As the House of Representatives was engaged in its reading of an abridged version of the U.S. Constitution -- leaving out parts like the sections on slavery that would make the Founders look bad -- I was reminded again of the power of false narrative, especially at a time when the American Right dominates the U.S. media landscape.
Indeed, for tens of millions of Americans, their only narrative is the one created by the Right's propagandists in TV, radio, print and the Internet. And in that world, the Constitution is portrayed as an attack on the powers of the federal government by the Founders who were infallible.
To note otherwise -- to say that the Constitution marked a major expansion of federal power from the Articles of Confederation (including broad new authority to tax and regulate commerce) or to observe that many Founders were either slave owners or tolerant of slavery -- would somehow disrupt the pleasant (but false) historical memories of today's Tea Party types.
So, to minimize this intrusion of reality, House Republican leaders huddled with the Congressional Research Service to delete portions of the Constitution that had been superseded by later amendments, such as the clause about counting African-American slaves as three-fifths of a human being for the purpose of representation.
Some black members of Congress, such as Rep. James Clyburn, D-South Carolina, protested this "revisionist history," but the Republican leadership apparently felt the abridged version better bolstered their case for basing all interpretations of the Constitution on so-called "original intent."
That theory of "originalism" lets today's Republican politicians and right-wing judges pretend that they can divine what the Founders were thinking in 1787 or what authors of later amendments had in mind regardless of the actual wording that was adopted.
Though sounding respectful of traditions, "originalism" in practice has simply been a way for right-wing theorists to justify imposing their ideological views and partisan desires on the nation by claiming some special channel into the Founders' thinking.
For instance, many on the Right insist that the Founders created a "Christian nation" with no "separation of church and state" despite the fact that Christianity is not mentioned in the Constitution and the First Amendment bars Congress from passing any law for "an establishment of religion."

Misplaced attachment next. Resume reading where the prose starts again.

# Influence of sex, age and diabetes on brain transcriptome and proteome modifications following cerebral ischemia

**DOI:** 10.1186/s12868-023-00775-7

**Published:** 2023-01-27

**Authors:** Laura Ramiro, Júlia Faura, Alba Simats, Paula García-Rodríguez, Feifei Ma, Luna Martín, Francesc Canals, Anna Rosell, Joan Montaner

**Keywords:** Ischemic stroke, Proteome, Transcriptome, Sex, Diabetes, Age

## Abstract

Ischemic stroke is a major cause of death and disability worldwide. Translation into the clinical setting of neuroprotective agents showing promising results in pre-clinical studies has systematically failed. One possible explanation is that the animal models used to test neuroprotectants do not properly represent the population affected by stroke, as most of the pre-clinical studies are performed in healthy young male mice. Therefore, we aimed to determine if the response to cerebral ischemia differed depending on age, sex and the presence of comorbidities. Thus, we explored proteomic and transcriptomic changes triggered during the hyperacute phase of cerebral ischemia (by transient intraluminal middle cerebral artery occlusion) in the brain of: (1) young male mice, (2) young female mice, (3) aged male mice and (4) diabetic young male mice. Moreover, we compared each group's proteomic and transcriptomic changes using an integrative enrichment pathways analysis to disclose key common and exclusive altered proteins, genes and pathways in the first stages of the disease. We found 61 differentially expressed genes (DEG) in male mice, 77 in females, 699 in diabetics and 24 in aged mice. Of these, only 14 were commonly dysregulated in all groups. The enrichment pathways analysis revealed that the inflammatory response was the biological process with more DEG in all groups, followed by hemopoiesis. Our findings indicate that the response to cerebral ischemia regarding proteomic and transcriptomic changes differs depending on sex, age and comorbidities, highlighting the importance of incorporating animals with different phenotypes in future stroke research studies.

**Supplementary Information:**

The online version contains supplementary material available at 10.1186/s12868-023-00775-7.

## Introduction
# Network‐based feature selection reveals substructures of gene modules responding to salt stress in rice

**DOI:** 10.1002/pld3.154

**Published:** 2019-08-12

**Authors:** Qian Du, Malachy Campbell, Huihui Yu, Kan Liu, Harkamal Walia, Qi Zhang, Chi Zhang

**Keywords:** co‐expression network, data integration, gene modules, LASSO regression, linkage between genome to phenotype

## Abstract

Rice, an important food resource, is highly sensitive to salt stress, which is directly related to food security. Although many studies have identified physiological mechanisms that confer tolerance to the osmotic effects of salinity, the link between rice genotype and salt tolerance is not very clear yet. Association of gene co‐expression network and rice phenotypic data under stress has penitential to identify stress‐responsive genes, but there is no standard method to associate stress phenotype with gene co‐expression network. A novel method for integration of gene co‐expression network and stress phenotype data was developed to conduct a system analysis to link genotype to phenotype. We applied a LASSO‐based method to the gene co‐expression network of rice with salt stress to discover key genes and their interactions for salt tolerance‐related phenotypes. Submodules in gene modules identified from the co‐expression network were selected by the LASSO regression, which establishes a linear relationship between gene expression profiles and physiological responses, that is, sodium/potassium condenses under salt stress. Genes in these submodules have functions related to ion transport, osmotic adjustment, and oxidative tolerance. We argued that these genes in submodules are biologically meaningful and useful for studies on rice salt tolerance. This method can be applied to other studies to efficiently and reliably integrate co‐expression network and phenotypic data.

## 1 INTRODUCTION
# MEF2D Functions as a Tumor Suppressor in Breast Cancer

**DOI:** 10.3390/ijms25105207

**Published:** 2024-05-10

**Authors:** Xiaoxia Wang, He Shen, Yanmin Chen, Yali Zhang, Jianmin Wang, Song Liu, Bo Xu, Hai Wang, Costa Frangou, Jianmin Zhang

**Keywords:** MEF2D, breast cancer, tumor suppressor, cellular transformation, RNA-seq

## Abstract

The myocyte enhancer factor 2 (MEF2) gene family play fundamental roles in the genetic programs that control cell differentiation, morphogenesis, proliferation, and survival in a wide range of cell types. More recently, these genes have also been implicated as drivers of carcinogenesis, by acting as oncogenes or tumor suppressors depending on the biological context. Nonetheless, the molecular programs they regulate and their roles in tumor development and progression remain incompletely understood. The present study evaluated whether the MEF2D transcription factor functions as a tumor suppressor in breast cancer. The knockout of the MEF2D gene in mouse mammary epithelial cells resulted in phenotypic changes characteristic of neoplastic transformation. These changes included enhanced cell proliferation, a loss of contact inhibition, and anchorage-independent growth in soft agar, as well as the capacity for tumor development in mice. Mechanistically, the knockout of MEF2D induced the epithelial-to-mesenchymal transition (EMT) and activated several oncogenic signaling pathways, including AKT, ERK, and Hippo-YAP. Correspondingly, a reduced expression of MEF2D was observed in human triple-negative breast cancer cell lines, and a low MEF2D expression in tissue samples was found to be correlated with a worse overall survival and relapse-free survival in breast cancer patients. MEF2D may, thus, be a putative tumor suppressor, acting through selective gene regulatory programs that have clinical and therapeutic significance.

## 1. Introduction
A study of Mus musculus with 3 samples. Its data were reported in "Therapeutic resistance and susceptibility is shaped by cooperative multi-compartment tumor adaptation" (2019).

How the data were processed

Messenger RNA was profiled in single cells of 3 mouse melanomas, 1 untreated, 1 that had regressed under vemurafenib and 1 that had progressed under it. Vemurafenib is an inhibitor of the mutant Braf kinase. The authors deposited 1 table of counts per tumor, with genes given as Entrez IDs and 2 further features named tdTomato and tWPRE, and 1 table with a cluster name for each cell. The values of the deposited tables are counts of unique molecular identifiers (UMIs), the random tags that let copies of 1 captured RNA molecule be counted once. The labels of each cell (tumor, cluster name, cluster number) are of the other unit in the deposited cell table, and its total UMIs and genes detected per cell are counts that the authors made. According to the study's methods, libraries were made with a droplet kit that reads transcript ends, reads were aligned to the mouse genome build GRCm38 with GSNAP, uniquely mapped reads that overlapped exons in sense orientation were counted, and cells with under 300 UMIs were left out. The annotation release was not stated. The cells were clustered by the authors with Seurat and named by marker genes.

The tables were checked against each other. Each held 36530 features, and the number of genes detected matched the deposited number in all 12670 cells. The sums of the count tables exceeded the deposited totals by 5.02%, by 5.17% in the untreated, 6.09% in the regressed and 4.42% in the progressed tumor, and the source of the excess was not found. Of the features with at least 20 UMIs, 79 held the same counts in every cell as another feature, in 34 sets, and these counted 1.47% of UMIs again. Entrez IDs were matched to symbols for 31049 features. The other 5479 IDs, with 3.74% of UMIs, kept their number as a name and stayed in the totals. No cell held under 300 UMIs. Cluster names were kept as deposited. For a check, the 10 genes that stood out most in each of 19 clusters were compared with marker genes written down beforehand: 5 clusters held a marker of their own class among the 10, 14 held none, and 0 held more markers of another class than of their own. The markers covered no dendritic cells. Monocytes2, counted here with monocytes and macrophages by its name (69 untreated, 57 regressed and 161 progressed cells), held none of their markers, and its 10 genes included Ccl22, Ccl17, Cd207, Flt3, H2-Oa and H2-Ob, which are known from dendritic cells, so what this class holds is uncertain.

Recently, right-wing Supreme Court Justice Antonin Scalia announced that the straightforward language of the 14th Amendment barring any state from denying "any person within its jurisdictions the equal protection of the laws" did not apply to women and gays because, Scalia insisted, the post-Civil War drafters of the amendment were only thinking about black males.
Though Scalia's interpretation suited the Right's lingering disdain for women's rights and its fierce opposition to permitting gay marriage, Scalia's view on the amendment's "original intent" was more situational than ironclad.
In Election 2000, when the power to appoint Supreme Court justices was at stake, Scalia joined four other partisan Republicans on the court in citing the 14th Amendment to stop the vote count in Florida and put George W. Bush in the White House. Yet, no one has ever suggested that the 14th Amendment's drafters intended to protect the future political fortunes of a white plutocrat.
There is also the troublesome fact that Bush, through his "war on terror," violated many individual rights guaranteed by the Constitution. He ignored habeas corpus requirements for the government to justify imprisonments before a judge; he overrode the Fourth Amendment's demand for "probable cause" before a search and seizure; and he made a mockery of the Eighth Amendment's prohibition on "cruel and unusual punishments."
Yet, many of today's "Constitution lovers" on the Right and in the Tea Party movement were silent about Bush's trampling on the document when the victims were Muslims or Muslim sympathizers. After all, I suppose, if you've divined that the Founders wrote the Constitution to create a "Christian nation," it would follow that Muslims and their allies wouldn't have rights.
Beyond the partisan hypocrisies and the historical revisionism, the political import of the Republican stunt of reading the Constitution on the House floor on Thursday could not be missed. It was an attempt to position the Republicans and the Tea Party as the true defenders of America's founding document, implying the Democrats and liberals were its enemies.